July 24, 2012 by Kevin Custer

In this economy, the idea of increasing your prices may seem suicidal – and indeed, raising them indiscriminately will probably backfire. However, it is possible to set your prices in such a way that you can increase your profits without changing your product or tinkering with your overhead.

Traditionally, setting a price for a product or service is an exercise in figuring out your costs and deciding how much profit you can get while remaining competitive.  While this tried-and-true method is still the way to go for most products and services, there are times when you can flip the concept around when offering premium services and products.  Look at the value your product provides to a school and ask yourself (or them) what they would not have to purchase if they had your service.  Prove to them, for example, that they can forgo $10,000 worth of supplemental materials by going with your service, and adjust your price accordingly.

Additionally, don’t forget to take into account the perception that premium pricing can convey. Think about the $10 or $15 hamburger you will pay for at a nice restaurant. If you then see a $2 hamburger at a similar restaurant, chances are you will avoid it, thinking that it will be nowhere near the quality of the $10 burger.  In other words, if you set your price too low, your customers may no longer appreciate the product’s quality and value.  For example, an online training product for para-professionals working with autistic children was originally priced at $200 per person or $2,000 per district. Though this training would save districts tens of thousands of out-placement trainings annually, sales were slow until the price was moved to $495 a person or $25,000 a district and 2 half-days of onsite training were added. Sales increased as the perception of the product’s value was now much closer to what schools were accustomed to paying.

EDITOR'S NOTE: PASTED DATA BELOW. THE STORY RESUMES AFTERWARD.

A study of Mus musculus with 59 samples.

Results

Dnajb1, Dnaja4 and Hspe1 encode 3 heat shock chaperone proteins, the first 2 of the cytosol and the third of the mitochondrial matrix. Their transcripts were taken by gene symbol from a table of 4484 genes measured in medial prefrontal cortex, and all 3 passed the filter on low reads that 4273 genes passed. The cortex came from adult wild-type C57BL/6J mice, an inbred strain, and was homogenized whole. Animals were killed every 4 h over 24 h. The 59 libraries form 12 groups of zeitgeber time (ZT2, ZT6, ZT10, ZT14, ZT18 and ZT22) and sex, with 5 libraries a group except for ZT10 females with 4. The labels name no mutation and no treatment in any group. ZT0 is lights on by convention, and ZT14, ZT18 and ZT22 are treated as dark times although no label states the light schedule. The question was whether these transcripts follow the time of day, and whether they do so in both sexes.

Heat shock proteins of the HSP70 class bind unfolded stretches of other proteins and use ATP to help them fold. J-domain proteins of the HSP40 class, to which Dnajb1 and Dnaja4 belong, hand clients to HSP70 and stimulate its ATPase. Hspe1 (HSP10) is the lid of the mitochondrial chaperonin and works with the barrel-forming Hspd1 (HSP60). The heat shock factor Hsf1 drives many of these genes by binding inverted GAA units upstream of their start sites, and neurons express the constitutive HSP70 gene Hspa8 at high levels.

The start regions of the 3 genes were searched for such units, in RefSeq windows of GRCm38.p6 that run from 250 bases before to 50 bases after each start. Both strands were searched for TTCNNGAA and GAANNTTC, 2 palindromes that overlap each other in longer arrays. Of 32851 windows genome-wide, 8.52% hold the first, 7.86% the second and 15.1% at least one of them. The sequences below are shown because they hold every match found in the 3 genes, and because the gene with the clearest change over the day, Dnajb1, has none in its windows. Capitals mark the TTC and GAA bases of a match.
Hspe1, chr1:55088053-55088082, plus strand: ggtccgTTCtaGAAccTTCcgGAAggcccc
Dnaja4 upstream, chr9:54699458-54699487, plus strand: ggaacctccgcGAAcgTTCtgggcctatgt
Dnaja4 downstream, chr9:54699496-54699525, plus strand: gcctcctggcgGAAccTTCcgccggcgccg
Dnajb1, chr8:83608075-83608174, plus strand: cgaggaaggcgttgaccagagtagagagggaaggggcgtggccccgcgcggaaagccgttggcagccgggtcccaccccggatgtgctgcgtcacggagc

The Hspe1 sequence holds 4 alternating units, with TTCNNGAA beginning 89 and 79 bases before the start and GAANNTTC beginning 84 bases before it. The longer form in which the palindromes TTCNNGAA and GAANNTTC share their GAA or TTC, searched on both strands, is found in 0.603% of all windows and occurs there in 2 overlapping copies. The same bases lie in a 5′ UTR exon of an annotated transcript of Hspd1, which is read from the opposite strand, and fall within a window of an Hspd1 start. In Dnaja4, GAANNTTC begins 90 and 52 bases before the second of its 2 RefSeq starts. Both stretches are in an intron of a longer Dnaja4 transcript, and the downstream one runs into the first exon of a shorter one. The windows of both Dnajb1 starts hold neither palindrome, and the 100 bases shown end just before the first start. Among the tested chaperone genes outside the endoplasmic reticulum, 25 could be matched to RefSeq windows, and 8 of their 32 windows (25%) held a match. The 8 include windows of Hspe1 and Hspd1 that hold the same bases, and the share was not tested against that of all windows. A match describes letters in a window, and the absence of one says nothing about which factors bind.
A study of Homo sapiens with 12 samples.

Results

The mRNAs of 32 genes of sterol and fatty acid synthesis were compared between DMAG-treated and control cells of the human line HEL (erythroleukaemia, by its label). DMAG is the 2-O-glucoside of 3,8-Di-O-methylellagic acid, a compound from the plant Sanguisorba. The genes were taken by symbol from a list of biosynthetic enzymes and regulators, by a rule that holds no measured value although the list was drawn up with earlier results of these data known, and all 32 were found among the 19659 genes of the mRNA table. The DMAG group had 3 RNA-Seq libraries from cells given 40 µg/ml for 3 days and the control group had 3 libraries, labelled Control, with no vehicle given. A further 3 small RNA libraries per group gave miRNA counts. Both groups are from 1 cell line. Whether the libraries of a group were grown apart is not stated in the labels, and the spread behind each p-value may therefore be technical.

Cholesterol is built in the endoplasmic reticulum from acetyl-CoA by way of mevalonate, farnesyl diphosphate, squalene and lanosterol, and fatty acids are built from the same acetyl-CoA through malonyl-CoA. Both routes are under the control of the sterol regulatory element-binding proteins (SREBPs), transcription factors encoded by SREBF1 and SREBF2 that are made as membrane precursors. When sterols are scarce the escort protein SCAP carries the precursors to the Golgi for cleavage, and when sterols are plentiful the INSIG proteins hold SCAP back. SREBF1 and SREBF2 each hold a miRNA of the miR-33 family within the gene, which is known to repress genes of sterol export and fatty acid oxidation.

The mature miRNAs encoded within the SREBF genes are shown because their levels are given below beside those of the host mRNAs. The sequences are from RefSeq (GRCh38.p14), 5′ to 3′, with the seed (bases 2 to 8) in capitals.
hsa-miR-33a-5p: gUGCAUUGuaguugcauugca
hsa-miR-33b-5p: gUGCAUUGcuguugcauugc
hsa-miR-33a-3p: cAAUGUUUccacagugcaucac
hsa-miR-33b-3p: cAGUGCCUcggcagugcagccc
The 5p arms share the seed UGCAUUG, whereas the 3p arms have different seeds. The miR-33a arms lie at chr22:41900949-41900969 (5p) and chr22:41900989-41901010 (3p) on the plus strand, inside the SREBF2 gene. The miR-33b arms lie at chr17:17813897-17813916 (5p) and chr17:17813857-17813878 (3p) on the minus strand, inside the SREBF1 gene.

So as you work on prices for new or existing products, keep in mind your ability to charge premium prices for premium services and products. Don’t be afraid to tell customers that, as an elite company, you only work with 5 or 10 schools and charge them $7,500 a year. It may take a while to get to that point, but think of the improvement when you get there. And until then, don’t hesitate to offer some “pilot site discounts” to the very special customers that are willing to get in on the ground floor.